A long, long time ago an old man and his wife lived in a remote corner of Japan. They had no children and were a little lonely. Every day the man gathered firewood in the mountains and his wife washed clothes in a nearby stream. One day, as the old woman was doing her washing, an enormous peach came bobbing downstream. She picked it up with difficulty - it was so big and heavy - and took it home.

The old woman waited for her husband to come home before eating the peach. When he had arrived, she took out a knife and plunged into the juicy peach, exclaiming, "What a tasty treat!" At that very moment, the peach split in two and with a loud wail out sprang a sweet boy. At first the couple was startled; then overjoyed at having been blessed with a child. They called him Momotaro (momo means peach; Taro is a common Japanese boys' name) and brought him up with tender loving care.

Momotaro grew up strong, powerful, and kind. In no time at all he had become the strongest in the village. One day Momotaro heard about the ogres on Onigashima (Ogres' Island) who spread fear among his countrymen. He begged the old man and woman to allow him go to Onigashima to drive away the ogres. At first they were surprised and worried but Momotaro insisted so earnestly that they finally gave in to his plea. They prepared some millet dumplings for Momotaro to eat on his journey and saw him off.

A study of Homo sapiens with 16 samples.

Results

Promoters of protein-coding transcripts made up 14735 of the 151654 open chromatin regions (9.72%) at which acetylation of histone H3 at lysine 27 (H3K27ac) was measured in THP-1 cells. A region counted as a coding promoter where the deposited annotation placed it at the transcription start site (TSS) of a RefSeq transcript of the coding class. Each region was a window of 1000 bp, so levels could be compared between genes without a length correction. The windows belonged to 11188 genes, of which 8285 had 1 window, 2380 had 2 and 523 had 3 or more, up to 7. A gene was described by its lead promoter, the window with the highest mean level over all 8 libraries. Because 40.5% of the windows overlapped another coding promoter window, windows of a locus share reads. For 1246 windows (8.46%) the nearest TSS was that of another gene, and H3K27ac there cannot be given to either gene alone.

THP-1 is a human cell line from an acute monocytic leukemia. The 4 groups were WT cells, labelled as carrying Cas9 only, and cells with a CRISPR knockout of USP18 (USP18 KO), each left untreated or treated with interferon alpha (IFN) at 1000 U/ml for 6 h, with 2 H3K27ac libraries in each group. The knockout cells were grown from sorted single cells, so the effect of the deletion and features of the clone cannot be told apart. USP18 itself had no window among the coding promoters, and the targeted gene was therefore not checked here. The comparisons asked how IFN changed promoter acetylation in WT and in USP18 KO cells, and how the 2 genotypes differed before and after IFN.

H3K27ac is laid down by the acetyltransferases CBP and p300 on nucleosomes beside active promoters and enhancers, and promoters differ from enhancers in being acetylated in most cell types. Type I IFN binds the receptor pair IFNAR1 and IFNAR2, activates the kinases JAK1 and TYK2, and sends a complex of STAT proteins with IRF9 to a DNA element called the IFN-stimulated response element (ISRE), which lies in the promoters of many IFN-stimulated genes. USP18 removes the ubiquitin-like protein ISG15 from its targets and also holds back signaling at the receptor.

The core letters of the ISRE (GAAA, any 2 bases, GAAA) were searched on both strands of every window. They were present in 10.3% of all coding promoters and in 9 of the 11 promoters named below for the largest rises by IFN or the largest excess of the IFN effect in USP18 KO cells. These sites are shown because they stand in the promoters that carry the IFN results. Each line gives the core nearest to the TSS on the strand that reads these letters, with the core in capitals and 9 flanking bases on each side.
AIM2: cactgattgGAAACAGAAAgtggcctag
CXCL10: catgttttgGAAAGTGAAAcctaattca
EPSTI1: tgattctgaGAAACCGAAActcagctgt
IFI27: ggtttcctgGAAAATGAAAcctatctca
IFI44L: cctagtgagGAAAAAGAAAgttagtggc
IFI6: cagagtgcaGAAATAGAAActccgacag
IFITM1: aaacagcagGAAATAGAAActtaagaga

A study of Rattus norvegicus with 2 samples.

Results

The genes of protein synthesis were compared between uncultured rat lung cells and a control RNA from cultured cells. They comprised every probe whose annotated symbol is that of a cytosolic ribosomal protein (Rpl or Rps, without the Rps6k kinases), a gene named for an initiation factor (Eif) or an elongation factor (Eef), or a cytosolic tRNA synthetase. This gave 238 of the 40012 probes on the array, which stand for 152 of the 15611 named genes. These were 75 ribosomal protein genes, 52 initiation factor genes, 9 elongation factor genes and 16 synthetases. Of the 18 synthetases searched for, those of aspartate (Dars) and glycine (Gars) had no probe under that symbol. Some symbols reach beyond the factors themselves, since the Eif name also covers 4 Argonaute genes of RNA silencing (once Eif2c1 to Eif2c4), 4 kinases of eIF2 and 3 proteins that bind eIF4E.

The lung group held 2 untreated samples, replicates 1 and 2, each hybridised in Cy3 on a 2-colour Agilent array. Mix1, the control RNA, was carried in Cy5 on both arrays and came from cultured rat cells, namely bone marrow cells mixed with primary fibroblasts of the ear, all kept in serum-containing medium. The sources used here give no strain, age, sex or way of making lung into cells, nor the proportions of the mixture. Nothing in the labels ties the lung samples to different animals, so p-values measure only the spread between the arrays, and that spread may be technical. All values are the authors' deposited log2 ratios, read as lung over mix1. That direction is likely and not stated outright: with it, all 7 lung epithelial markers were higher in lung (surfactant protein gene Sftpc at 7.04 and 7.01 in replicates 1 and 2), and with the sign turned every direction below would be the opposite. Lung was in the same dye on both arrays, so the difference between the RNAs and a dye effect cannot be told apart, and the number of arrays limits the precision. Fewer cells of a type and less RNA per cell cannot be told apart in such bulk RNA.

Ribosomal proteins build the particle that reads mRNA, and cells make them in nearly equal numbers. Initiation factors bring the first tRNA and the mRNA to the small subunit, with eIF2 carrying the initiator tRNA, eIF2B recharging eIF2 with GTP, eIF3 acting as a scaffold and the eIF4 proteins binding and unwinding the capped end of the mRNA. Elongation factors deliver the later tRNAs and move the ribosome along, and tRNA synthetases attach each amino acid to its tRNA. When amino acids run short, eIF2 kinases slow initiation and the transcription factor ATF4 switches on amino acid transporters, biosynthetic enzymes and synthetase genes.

Momotaro set off in high spirits. At the edge of the village he met a dog. "Momotaro, where are you going? What are you carrying in that bag?" asked the dog. "I'm off to Onigashima," replied Momotaro, "and I'm carrying the most delicious millet dumplings in all Japan. If you help me drive away the ogres I'll give you one." The hungry dog gobbled down a dumpling and became Momotaro's steadfast companion. Soon they came across a pheasant. In return for a tasty dumpling, the pheasant also agreed to join Momotaro's party. Next they met a monkey who was also persuaded to join them in exchange for a millet dumpling.
 When Momotaro's party finally reached Onigashima, they found a large gate blocking their way. The pheasant flew over it and unlocked it from inside. The party passed through and were met by a strange spectacle. The ogres were in the midst of merrymaking. "We've come to punish you for plaguing my countrymen!" bellowed Momotaro and charged towards the drunken ogres with his three animal friends. The pheasant pecked the ogres all over, the monkey pounced and scratched them, and the dog bit their arms and legs. Thanks to having eaten the best millet dumplings in Japan, Momotaro's party had the strength of a thousand people and had the ogres running for their lives.

Completely overpowered, the defeated leader of the ogres dropped to his knees before Momotaro. With tears streaming down his face he said, "I promise we will never trouble human beings again, and we will return all the treasures we have ever taken from your village. But please spare our lives! I beseech you!" Thereupon, Momotaro loaded the treasures onto a boat and joined by his small but feisty party headed back home with it in triumph.